Window covers – insulation where it’s most needed

No matter how much you insulate the rest of the vehicle, The glass in a Sprinter van is a massive heat gain/loss area. We bought a sun shade made specially for the windshield and made ones for all the other windows from Low-E foil faced foam with magnets around the edges.

We’ve talked already about how we insulated the van, and even made a massive comparison chart of the different types of insulation products you can use. We’re really happy with the level of insulation in the walls and roof of the van, but all of that is pretty much pointless if the windows stay exposed.

The windscreen sun shade and the window covers keep our van at a much more even temperature. With the covers in place, the van stays much cooler in the sun and much warmer during the winter.

Low-E foil-faced foam window covers insulate and cut out the light
Low-E foil-faced foam window covers insulate and cut out the light

Building the shades for the flat windows was easy enough, but it worked out cheaper and much easier to just buy a pre-made shade for the windshield. The CoverKing shade is a great fit, so long as you don’t roll it too tightly while you are storing it.

Here’s how we made up the other shades:

  • Create a template for each window shape from cardboard. The driver and passenger windows and the rear door windows are mirror images, so only one template is required for these. However, the sliding door and the window behind the driver are different shapes. You’ll need separate templates for these two.
  • Transfer the template to your Low-E using a marker pen and cut it out with scissors, or just slice around the template with a razor blade. Once you’ve got the Low-E piece, you may need to trim it slightly to fit perfectly.

For about a year now, we have just used gaffer tape to stick 1/8″ x 1/8″ x 1/2″ neodymium magnets around the edge of the Low-E. Gaffer tape is a fabric tape that sticks really well, but releases much better than duct tape does when you want to un-peel it. It also looks much nicer than duct tape.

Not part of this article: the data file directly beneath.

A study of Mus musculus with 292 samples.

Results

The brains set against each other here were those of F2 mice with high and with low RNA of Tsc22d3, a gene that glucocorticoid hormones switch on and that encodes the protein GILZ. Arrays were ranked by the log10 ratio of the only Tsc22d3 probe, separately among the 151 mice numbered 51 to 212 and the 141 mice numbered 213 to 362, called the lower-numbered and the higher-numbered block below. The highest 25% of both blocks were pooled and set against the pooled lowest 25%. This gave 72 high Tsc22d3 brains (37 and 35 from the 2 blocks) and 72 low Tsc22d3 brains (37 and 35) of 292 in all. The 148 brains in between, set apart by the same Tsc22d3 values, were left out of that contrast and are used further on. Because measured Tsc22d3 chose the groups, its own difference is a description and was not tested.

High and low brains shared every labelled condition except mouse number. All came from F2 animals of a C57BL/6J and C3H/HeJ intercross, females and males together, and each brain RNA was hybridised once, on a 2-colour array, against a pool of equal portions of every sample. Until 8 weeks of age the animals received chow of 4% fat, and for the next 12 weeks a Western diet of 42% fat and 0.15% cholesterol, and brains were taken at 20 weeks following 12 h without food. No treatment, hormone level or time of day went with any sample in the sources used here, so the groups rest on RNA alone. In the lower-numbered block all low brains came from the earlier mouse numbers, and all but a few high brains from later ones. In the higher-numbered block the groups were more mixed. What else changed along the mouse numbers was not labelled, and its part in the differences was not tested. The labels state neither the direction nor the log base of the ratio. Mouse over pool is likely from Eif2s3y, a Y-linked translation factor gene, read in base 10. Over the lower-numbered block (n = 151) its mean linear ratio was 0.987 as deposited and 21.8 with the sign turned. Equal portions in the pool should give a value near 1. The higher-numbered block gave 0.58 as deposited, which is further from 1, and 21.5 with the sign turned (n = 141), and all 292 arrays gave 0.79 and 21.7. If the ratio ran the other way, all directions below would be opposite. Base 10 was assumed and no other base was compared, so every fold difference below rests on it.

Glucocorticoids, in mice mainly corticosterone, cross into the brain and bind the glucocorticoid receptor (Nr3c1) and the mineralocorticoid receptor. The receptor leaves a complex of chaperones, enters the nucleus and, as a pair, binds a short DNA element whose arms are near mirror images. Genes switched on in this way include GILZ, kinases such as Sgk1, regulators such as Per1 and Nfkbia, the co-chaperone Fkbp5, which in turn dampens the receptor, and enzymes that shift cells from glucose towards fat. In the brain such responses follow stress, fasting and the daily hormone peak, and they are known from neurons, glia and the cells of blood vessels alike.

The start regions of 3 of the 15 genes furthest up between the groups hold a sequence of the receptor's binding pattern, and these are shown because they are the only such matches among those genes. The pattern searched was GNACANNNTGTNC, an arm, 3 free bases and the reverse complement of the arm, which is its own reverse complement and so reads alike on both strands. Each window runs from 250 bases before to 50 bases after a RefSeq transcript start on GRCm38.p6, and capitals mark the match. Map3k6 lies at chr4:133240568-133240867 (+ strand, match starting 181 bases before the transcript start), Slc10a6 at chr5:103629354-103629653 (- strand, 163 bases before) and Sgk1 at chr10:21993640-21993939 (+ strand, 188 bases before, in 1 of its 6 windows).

Gaffer tape holding a magnet in place on the edge of a window shade
Gaffer tape holding a magnet in place on the edge of a window shade

It’s become really hard to buy neodymium magnets from places like Amazon now, because apparently kids seem to keep swallowing them or something. If you have an Amazon Business account you can buy them much more easily, or use K&J Magnetics, who sell pretty much every type of magnet you could want.

We used a couple of additional pieces of gaffer tape to make some tabs that we could use to pull the shades away from the window.

Here the gaffer tape is folded back on itself to form a pull tab on the edge of a window shade
Here the gaffer tape is folded back on itself to form a pull tab on the edge of a window shade

The whole silver foil spaceship vibe is getting a little old. Later, we plan on lining the Low-E with some fabric so it looks better on the inside of the van. We might even add a layer of Thinsulate, but we’re not sure that’s necessary. The linings will also mean that the magnets are held slightly more permanently than with the gaffer tape. Having said that, they’ve stayed in place for over a year so we’re happy.

Update:

Inertiaman from the Sprinter forum bought some Low-E that has a white face on one side rather than foil. It’s a great way to reduce the spaceship feel without having to cover the inside of the window shades. One 25′ roll was just enough for him to make shades for the rear doors, the sliding and driver’s side windows, the driver and co-driver doors, and the windscreen.